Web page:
A bugaboo is a boogeyman: a made-up monster that people use to scare (and control) children.
More generally, a bugaboo is anything that scares and concerns people, sometimes more than it reasonably should.
(The word "bugaboo" probably arose as a different form of the word "bugbear," which means exactly the same thing.)
BUG uh boo
Part of speech:
the countable kind: "a bugaboo," "this bugaboo," "some bugaboos."
Just the plural, "bugaboos."
How to use it:
Despite being so fun and whimsical, "bugaboo" shows up often in straight-faced discussions of science, tech, sports, politics, finances, religion, etc.
Talk about someone's bugaboo, something's bugaboo, or the bugaboo of or for some person or group (or some activity or situation). "That's her bugaboo." "It's an economist's bugaboo." "Scarce and costly labor has been a bugaboo for builders" (the Dallas Morning News). "Blisters are the bugaboos of physical activity" (the New York Times).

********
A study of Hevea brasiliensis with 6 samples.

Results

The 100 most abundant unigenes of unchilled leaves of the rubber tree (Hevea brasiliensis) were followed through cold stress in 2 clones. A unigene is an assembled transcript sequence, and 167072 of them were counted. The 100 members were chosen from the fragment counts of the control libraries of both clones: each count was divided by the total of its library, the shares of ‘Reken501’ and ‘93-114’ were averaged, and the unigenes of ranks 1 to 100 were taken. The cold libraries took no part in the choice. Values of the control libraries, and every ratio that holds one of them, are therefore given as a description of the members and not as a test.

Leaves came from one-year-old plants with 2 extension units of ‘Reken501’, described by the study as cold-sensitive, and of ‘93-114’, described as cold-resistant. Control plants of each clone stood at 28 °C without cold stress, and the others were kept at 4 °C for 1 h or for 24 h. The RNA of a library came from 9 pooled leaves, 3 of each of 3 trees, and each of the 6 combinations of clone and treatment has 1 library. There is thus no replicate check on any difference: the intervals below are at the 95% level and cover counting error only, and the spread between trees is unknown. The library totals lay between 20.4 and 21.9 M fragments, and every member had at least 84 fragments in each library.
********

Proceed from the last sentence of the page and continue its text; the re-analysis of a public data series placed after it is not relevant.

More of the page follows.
You can specify what the bugaboo is by calling it "the bugaboo of something:" the bugaboo of socialism, the bugaboo of identity politics, the bugaboo of high-fructose corn syrup.
And you can say that people fall prey to a bugaboo, get worked up over some bugaboo, or even use something as a bugaboo to manipulate others.
Or say that something serves as a bugaboo for some people, or that some bugaboo is haunting or threatening someone (or something, like an established tradition).
examples: In her autobiography, Lauren Graham addresses the sexism in interviewers' questions, that bugaboo for all actresses.